Humza Yousaf warns of more disruption from Storm Jocelyn

First Minister Humza Yousaf paid tribute to the first victim of Storm Isha as he warned of more disruption due to the amber weather warning for Storm Jocelyn.

Around 15,000 people remained without power on Monday evening, following Storm Isha which claimed the life of an 84-year-old man who died when a car collided with a tree in Grangemouth, Falkirk, around 11.45pm on Sunday.

Police said he was pronounced dead at the scene, while the other occupants of the Hyundai were unhurt, with winds reaching 107mph in the amber warning.

(PA Graphics)

First Minister Humza Yousaf warned of more disruption with a further amber warning issued for Storm Jocelyn on Tuesday, and ScotRail cancelled trains for the second time in a week.

Commuters were warned ScotRail services would stop at 7pm on Tuesday, with no rush hour services on Wednesday morning – the second cancellation this week.

At least 66 schools were closed on Monday, while a block of flats in Cumbernauld, North Lanarkshire, had its roof torn off on Sunday night.

Scottish Power said the storm affected 62,000 customers, with power restored to 58,500 homes after winds of 80mph.

An amber warning for wind has been issued for the northern and western coast of Scotland as far south as Arran, with power cuts and transport disruption predicted, from 6pm tomorrow until 8am on Wednesday.

A yellow warning for rain is also in force from 7am on Tuesday until 6pm on Wednesday, covering much of the west of Scotland and the central belt, from Wigtown to Aviemore.

The whole of Scotland and much of the UK is covered by a yellow warning for high winds from 4pm on Tuesday until 1pm on Wednesday.

Some 17 regional flood alerts and 32 local flood warnings remain in place, and the Met Office warned: “Injuries and danger to life is likely from large waves and beach material being thrown onto coastal roads, sea fronts and properties.”

Scottish and Southern Electricity Networks (SSEN) Distribution restored power to 36,000 customers on Monday evening, with fewer than 800 customers still off supply.

Operations director Andy Smith branded it a “severe and unpredictable storm”, and Phil Campbell, ScotRail customer operations director, said the second withdrawal of trans in a week was due to safety.

Mr Yousaf said: “Tragically, Storm Isha has led to lives being lost and I send my sincere condolences to the families affected.

“The strong winds and heavy rain have impacted communities across Scotland. I want to thank all those who have worked throughout the night to keep the public safe and restore normality. But the exceptional weather conditions are not over.

“Storm Jocelyn is likely to cause more disruption, with strong winds buffeting infrastructure and rain falling on already saturated ground. Travel is likely to be difficult, particularly heading into Wednesday’s rush hour, so I urge everyone to follow guidance from Police Scotland and check updates from transport providers, Transport Scotland and the Met Office.”

Martin Thomson, national operations manager for resilience at Transport Scotland, said: “Focus is now shifting onto the next named storm, Jocelyn, for tomorrow into Wednesday, and preparations are underway with rail, aviation and ferries colleagues.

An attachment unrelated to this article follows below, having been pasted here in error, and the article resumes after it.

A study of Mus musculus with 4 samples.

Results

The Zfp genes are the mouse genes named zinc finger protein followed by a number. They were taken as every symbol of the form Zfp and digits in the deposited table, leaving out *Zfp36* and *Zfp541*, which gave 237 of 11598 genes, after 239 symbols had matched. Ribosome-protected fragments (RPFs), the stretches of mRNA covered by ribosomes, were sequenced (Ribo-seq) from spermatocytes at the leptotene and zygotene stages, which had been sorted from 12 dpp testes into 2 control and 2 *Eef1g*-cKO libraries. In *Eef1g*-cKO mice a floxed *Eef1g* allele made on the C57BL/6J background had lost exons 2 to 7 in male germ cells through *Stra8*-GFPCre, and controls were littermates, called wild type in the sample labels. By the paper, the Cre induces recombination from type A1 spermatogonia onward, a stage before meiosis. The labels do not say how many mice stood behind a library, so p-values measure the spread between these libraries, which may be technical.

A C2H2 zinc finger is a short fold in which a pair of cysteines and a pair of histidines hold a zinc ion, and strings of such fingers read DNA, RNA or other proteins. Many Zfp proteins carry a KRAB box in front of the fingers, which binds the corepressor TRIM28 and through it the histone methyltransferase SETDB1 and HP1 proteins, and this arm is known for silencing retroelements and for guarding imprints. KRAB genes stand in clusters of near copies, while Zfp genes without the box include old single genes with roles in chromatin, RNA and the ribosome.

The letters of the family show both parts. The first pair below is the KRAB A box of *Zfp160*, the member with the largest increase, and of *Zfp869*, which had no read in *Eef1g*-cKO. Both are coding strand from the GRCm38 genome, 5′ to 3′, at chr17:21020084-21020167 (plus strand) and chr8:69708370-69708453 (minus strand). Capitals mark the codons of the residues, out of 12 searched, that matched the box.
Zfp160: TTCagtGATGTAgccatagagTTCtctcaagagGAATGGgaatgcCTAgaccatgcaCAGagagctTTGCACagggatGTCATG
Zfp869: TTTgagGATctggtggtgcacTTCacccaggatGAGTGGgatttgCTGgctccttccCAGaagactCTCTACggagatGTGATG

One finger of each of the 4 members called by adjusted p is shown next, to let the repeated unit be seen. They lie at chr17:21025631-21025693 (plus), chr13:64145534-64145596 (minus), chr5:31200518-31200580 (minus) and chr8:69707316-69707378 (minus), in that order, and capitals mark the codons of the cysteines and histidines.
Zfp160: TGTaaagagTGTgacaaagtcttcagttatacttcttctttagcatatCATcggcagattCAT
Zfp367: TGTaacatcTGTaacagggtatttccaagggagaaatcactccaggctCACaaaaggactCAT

“Staff from trunk road operating companies will be undertaking inspections to respond to any treefall or blocked drains. We expect to see delays and cancellations with ferries, flights and rail from Tuesday into Wednesday morning.”

Phil Campbell, ScotRail customer operations director, said: “The heavy wind and ongoing rain hitting most parts of the country mean that it will not be safe for our customers and our staff, and all ScotRail train services will be suspended from 7pm tomorrow.

“This is the second withdrawal of train services this week, and we know the impact this has on customers, but the safety of staff and passengers will always be our priority.

“Our colleagues at Network Rail Scotland will again be working flat out to carry out safety checks, and assess what repairs are required to reopen the railway.

“Customers will be unable to travel early on Wednesday morning, as trains will not be able to operate until the infrastructure has been made safe.

Appealing for information over the fatal crash, Road Policing Inspector Andrew Thomson said: “Our thoughts are with the family and friends of the man who died. I’d be keen to speak to anyone who saw what happened or was on the A905 around 11.45pm on Sunday. I’d also request anyone with dashcam footage of Beancross Road around that time, please review your footage.”

A rare red “danger to life” warning of wind was in force in northern Scotland until 5am on Monday, while an amber warning of wind for the whole country was lifted at 6am.

Transport Scotland said a gust of 107mph was recorded on the Tay Bridge – and the Met Office said there was one of 84mph at Salsburgh, North Lanarkshire.

Network Rail Scotland said it had at least 10 trees to remove from the railway between Garrowhill and Easterhouse on Monday, with “significant damage” to overhead wires, while a garden shed was blown onto the line at Bellgrove station in Glasgow.

Roads including the M9 and the A1 were among those affected by closures while some bridges were shut to high-sided vehicles.